Pham Thanh Ngoc did not drop out of school.
She just refused to go to school, from kindergarten onward.
However, Ngoc's reluctance to attend school was not of the usual variety.
It was not that she was not good at or uninterested in learning, but that she was too good.
The 11-year-old girl from the Central Highlands province of Lam Dong recently grabbed headlines after she applied for enrollment into a public high school despite the fact she had never attended any school earlier.
The daughter of two Di Linh residents, a 52-year-old farmer named Pham Xuan Thanh and his wife, has been home schooled since she turned six.
Early this month, Thanh petitioned the provincial education department that his daughter be admitted to the Nguyen Viet Xuan High School in Gia Hiep District into the 12th grade.
In his letter, Thanh claimed Ngoc had finished learning programs equivalent to those of the 11th grade.
He said Ngoc wanted to be accepted by the Nguyen Viet Xuan High School so that she could sign up for Duong len dinh Olympia (The road to Olympia Peak) a popular quiz show for Vietnamese high school students.
The request was turned down.
Home schooling may be a normal thing in some countries, but it is rather rare in Vietnam where academic records are accorded great importance, sometimes excessively so.
Huynh Van Bay, deputy director of the Lam Dong education department, said an 11-year-old is totally unqualified for high school.
Under current regulations, a person cannot enroll in a high school if she/he has not attended kindergarten, primary school and high school, he said.
If Ngoc went to school like other normal kids in Vietnam, she would now be a 5th grader in the last year of primary school or a 6th grader in the first year of secondary school.
The department cannot allow a high school to accept Ngoc since her only purpose is to make it eligible for her to join the quiz, Bay said.
The department has suggested that Thanh contact the organizers of the contest to see if they would let his daughter in.
Ngoc, for her part, told Thanh Nien she was a big fan of the Duong len dinh Olympia show, and she could answer around 40 percent of the questions correctly when she watched it on TV.
Ngoc is the only child in family. She could read when she turned two, her mother said.
She saw headlines in newspapers and asked her parents about the "big letters." Thanh taught her the alphabet, and Ngoc quickly learned how to write, read and solve simple math problems.
"We brought her to the kindergarten but she did not want to stay. She refused to go to primary school too," the mother said.
So Ngoc's parents bought her textbooks to study at home.
"Each time I brought her to Da Lat [Town], she did not ask for toys like other kids. She just wanted books, especially math books," Thanh recalled.
Thanh claimed Ngoc had finished primary-level learning at the age of six. He bought books and an Internet-connected computer for her to study at home.
When Ngoc told her parents she had finished secondary learning program four years ago, they sent her to extra classes taught by several teachers of the Nguyen Viet Xuan High School at their homes.
She only attended math, physics and chemistry classes. She learned literature, history and geography via books and the Internet, the parents claimed.
Tran Xuan Viet, a math teacher, recalled: "When I saw a little girl who insisted on joining my math class, I was a bit reluctant to accept her."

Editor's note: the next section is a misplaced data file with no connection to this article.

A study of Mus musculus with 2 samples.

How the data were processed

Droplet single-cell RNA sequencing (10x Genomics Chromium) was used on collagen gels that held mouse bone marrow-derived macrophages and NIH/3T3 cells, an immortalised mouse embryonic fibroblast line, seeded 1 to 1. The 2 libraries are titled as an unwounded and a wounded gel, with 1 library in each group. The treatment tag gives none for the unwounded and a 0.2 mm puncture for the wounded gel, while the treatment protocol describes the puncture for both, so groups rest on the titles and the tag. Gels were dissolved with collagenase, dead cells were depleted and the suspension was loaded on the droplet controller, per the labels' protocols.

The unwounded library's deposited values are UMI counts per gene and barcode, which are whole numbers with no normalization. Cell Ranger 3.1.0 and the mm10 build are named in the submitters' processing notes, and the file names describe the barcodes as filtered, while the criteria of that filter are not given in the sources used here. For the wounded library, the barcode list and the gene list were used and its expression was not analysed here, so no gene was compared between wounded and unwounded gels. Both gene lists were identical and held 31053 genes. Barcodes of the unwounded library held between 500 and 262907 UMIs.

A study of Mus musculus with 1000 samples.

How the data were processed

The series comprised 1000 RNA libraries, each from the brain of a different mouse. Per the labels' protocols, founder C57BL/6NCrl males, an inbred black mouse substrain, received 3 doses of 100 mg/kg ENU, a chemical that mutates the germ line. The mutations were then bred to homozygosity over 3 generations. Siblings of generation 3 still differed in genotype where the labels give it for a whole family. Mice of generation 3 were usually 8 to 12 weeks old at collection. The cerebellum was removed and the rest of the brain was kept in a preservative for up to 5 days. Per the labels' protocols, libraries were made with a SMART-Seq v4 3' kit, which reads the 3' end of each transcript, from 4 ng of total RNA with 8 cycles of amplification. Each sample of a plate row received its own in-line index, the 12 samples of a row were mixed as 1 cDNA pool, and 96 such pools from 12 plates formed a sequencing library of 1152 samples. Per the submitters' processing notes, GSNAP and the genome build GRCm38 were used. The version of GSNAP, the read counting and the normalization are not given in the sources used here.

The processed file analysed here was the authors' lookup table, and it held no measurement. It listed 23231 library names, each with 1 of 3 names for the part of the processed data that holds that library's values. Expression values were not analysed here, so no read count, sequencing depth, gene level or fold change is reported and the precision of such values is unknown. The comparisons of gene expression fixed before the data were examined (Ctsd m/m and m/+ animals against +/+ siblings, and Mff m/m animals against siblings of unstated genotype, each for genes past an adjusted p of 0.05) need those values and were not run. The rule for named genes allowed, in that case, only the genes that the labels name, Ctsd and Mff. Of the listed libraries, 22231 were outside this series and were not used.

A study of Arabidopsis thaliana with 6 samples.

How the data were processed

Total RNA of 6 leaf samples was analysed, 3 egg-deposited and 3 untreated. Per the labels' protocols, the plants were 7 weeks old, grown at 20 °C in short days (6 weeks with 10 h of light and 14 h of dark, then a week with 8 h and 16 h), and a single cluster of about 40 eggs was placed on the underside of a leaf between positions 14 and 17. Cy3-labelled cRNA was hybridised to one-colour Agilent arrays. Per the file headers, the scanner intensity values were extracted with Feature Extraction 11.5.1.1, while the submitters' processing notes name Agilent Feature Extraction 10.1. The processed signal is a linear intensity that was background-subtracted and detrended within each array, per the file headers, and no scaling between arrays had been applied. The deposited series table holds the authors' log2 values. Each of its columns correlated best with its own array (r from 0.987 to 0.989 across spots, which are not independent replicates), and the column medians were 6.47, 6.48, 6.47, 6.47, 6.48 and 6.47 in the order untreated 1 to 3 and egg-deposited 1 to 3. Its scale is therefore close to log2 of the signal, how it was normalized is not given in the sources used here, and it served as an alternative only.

"Her parents told me she had acquired math knowledge equivalent to that of a 9th grader.
"I gave her some tests; she successfully solved all math problems in the textbooks for 9th graders.
"Currently, her knowledge of math is equivalent to that of a 12th grader. She is joining my extra class with other 12th graders, four times a week."
Nguyen Hoai Nam, a physics teacher, said Ngoc had been attending his extra class for 10th graders.
"I think she is pretty smart. She always understood what I taught the first time.
"She is smart but her behavior is a bit different from other kids in my school. I think her family should bring her to school," Nam said.
Ngoc is particularly interested in subjects like math, physics and chemistry.
Her parents said they do not want to push her to study all the subjects like other kids.
"I just want to attend the 12th grade," Ngoc said when asked what she wanted from school.
According to her parents, Ngoc does not have friends of her own age, and she only hangs out with 12th graders.
She does not play games or go play with children in the neighborhood. She just stays at home to study, or watch TV.
The only child of a family in a rural area, Ngoc seemed to be shy, reserved and quiet. Her eyes only lit up each time she saw new books and math problems.
Vu Dinh Chuan, director of the High School Education Department at the Education Ministry, told Thanh Nien that children in good physical condition and who have outstanding intelligence are allowed to jump grades under the 2005 Education Law.
Under the law, the Education Minister is authorized to decide on such cases, he said.
Chuan noted that people should consider both the physical and mental conditions of a child before letting him/her skip grades.
"The local education sector should carry out some research to see if the child is both physically and mentally ready to skip grades.
"If necessary, the provincial education authorities should send us the results of their research; if the child is really special, we ourselves will conduct tests on her and decide."
"I think we should be very careful before we can call someone a prodigy or genius. A child who gets ahead of too many grades may be affected mentally."